An Observation on Correlating the Mesoamerican and European Calendars

Never does the complexity of correlating the "Maya" calendar with our own become more
apparent than when we try to pin down a particular event in time such as an eclipse. This is because
the days of our calendar have their beginning and end at midnight on the Greenwich Meridian and
the new day moves progressively eastward around the world at the rate of 15º of longitude for
every hour. Thus, Copán, Honduras, near longitude 90º W., is six clock hours behind Greenwich,
so when it is midnight in London, it is 6 PM the previous day in Honduras.

The fact that the Olmecs and the Maya reckoned the beginning and end of their days from
sunset meant, in effect, that as a Christian day was beginning at midnight local time in London, a
new day was also beginning at sunset local time in Mesoamerica. However, what might have
seemed like a convenient coincidence between the two time-counts was, in fact, complicated by
the manner in which each of the two cultures did their counting. The Europeans assigned a new
number to a day as it began, whereas the Mesoamericans did not give a number to a day until it had
been completed. Moreover, the Europeans began their count with "1", whereas the Mesoamericans
started theirs with "0". When we argue that Thompson's initial correlation value of 584,285 is the
correct one to employ, it is because it does indeed mark the beginning of the Maya time-count on a
day they numbered as "0", although it was actually Julian day # 584,286 that coincided with the
day the Maya numbered as "1".

Although the concept of the Julian day was intended to simplify astronomical mathematics --
and does so in most cases -- when it comes to correlating the Mesoamerican and Christian calendars,
it adds an unintended further complication. This is because the Julian day has its beginning and end
in London, not at midnight like a new calendar day, but at noon, in the middle of a given calendar
day. This means that any celestial event which takes place between midnight and noon London time
(that is, between sunset and sunrise Mesoamerican time, when most lunar eclipses visible in that
part of the world would occur) will correlate quite nicely with the Thompson's initial value of
584,285, whereas any event occurring between noon and midnight London time (in other words,
between sunrise and sunset Mesoamerican time, when most solar eclipses visible in that part of
the world would be expected to take place) will correlate instead with a value of 584,286.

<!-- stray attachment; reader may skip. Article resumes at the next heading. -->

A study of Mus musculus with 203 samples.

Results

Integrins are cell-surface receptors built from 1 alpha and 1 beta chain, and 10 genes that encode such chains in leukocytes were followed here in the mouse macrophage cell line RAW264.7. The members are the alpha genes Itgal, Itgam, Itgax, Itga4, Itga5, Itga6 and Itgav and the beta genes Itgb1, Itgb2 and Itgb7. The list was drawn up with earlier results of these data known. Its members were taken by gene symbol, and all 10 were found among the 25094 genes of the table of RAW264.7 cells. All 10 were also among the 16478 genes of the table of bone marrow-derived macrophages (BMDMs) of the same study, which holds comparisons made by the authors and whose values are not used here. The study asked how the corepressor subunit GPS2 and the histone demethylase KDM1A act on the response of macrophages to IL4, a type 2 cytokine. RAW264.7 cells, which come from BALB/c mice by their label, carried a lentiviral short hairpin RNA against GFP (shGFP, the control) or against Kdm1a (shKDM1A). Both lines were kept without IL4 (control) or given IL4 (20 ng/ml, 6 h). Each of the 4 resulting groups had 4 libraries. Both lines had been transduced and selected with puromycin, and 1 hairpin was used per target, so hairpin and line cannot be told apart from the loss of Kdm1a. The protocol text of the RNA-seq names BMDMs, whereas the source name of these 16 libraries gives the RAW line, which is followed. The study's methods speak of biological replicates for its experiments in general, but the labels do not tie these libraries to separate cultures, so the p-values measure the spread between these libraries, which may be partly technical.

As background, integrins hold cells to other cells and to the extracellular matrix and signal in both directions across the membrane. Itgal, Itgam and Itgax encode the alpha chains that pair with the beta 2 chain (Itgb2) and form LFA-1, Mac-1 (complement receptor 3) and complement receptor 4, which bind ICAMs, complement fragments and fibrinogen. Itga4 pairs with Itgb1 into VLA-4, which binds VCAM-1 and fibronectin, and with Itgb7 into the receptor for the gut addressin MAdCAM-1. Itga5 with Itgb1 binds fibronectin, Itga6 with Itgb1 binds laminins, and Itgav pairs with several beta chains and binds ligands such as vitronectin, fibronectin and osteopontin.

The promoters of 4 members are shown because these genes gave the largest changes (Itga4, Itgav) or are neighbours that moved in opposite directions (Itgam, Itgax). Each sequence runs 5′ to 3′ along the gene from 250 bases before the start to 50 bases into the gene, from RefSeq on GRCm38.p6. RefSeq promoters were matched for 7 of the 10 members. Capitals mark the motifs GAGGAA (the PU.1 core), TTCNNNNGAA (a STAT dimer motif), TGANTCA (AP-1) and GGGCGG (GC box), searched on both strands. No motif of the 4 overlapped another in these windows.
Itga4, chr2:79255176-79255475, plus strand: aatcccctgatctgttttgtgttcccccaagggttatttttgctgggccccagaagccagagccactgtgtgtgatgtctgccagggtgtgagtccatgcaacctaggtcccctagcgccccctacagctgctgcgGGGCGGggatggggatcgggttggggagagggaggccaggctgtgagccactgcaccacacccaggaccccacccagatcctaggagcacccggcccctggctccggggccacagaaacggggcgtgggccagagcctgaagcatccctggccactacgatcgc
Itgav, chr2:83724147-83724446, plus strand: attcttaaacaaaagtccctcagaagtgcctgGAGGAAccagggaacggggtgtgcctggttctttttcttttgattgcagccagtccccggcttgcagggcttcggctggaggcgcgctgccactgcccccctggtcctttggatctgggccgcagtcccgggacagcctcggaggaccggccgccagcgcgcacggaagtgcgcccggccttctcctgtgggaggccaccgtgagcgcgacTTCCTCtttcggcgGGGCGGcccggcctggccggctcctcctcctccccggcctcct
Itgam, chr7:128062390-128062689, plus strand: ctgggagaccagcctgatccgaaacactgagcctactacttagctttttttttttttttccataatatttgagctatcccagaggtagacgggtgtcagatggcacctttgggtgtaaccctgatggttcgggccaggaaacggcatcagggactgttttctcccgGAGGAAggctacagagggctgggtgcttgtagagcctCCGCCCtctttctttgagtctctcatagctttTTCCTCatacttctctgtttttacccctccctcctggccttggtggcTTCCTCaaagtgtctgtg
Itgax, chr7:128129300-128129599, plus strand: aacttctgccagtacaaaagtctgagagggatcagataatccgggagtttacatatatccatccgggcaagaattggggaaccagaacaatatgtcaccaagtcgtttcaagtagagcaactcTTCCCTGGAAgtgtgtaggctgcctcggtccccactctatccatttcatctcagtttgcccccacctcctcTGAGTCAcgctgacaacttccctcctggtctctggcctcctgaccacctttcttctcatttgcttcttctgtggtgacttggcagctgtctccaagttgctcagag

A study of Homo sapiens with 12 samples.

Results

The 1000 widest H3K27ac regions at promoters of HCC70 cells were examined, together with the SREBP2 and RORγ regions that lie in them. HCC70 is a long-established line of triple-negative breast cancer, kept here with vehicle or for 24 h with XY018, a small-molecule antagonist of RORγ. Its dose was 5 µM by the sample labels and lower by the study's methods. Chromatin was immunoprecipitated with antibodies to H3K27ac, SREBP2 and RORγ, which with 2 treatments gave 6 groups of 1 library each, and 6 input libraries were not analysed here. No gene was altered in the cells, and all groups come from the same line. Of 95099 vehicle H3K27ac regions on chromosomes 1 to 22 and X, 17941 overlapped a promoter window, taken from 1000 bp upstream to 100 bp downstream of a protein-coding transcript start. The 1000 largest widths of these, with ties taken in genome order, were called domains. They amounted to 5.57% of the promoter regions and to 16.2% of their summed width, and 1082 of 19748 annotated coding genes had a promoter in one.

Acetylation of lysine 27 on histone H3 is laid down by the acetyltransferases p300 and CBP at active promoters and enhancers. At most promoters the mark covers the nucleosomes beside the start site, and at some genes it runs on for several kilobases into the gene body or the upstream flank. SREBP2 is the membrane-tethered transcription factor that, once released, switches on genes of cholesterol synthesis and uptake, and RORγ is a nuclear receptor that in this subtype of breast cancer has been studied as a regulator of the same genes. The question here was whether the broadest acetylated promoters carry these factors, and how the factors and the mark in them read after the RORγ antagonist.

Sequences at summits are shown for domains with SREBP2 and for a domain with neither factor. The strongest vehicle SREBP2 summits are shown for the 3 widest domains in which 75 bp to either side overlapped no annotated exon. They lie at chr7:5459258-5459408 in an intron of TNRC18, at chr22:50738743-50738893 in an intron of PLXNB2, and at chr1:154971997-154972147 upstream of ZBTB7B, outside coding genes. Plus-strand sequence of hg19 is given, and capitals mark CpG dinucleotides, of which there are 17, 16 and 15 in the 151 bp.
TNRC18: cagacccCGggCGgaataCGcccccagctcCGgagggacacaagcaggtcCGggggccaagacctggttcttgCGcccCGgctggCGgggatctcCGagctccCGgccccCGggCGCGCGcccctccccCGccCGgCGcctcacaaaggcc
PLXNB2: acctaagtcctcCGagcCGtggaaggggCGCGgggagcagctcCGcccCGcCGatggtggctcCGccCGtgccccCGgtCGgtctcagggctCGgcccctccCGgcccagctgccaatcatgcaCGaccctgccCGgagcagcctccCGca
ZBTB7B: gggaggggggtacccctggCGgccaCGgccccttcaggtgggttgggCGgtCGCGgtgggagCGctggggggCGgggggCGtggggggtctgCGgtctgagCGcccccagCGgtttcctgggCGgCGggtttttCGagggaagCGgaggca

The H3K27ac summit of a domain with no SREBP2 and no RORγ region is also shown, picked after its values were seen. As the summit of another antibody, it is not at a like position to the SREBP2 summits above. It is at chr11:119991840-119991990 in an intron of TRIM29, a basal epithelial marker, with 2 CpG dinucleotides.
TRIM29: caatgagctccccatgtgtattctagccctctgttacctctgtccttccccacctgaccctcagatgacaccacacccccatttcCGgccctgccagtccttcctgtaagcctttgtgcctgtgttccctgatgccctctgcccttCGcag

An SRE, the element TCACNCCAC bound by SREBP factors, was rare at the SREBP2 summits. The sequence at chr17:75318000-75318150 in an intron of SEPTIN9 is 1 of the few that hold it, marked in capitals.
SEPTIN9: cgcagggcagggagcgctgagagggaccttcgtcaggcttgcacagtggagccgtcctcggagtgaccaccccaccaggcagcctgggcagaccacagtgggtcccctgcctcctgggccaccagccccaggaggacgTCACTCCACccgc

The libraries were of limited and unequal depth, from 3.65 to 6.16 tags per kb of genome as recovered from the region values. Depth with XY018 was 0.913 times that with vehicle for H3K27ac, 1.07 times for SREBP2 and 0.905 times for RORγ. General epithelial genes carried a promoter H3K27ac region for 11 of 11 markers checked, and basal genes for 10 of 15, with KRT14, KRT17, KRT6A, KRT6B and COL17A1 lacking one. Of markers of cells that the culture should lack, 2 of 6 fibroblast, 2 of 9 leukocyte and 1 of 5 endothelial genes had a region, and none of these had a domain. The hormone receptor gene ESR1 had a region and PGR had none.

Looking at the specifics of the lunar eclipse which was recorded on numerous structures at Copán
late in the month of June in the year 763 -- an event which Morley first characterized as "an
astronomical congress" -- we find the following: the Christian day June 28, 763 began at midnight
in London on what was then Julian day # 1999921. At the same moment, the sun was just going
down in Honduras, completing Maya day # 1415635. At noon London time on June 28, a new
Julian day began -- number 1999922 -- in the middle of which the sun set in Honduras, ending
Maya day # 1415636. Since it was now midnight in London, a new calendar day -- June 29 was
just beginning and Maya day # 1415637 had also gotten started. At noon London time on June 29,
Julian day # 1999923 began and twelve hours later -- at midnight London time, calendar day
June 30 commenced. Over in Honduras the sun had still 26 minutes before it would set on the
western horizon. However, five minutes before it disappeared, the darkened full moon rose over
the eastern horizon, giving the Maya sky-watcher cause to record its eclipse as having occurred on
Maya day # 1415637, even though it did not reach its culmination until about 40 minutes later but
still within the lingering twilight of the previous day. In the Western world the mid-point of the
eclipse was recorded at having taken place at 1:10 Universal Time on June 30, 763, or 7:10 PM
local time on June 29 in Honduras. Although the culmination of the eclipse came on Julian day #
1999923.55, Oppolzer, in keeping with standard astronomical practice, assigned Julian day #
1999924 to the event because it was at noon on June 30 that the new Julian day began.

One of the clearest correlations between a solar eclipse and a Maya calendrical inscription is that
recorded on Stela 3 found at Santa Elena Poco Uinic in Chiapas, Mexico. First mentioned in a
footnote to his paper Maya Astronomy in 1931 by John Teeple, it is also discussed by Floyd
Lounsbury in a footnote to his article published in 1978. Bearing a Long Count date of
9.17.19.13.16. 5 Cib 14 Chen, which is Maya day # 1425516, this inscription most likely records
the total solar eclipse whose path of centrality passed directly over this location at 12:48 P.M.
local time -- an event tabulated as number 4768 in Oppolzer's compendium and which he records
as having occurred on July 16, 790 (Julian day # 2009802). It is obvious that in this instance the
difference between the Maya and Julian counts amounts to 584,286 days, a fact which caused
Lounsbury some puzzlement because, although he found Thompson's original correlation of
584,285 more accurate than he did Thompson's revised value of 584,283, here the two day-counts
differed by an additional day. Had he understood that the Maya day began and ended at sunset, as
explained above, he would have realized that both Thompson's initial value (i.e., 584,285) and
that implied by the inscription at Santa Elena Poco Uinic (584,286) are perfectly correct.

(Note that references for this and the other papers are found on the 'home page' of this article.)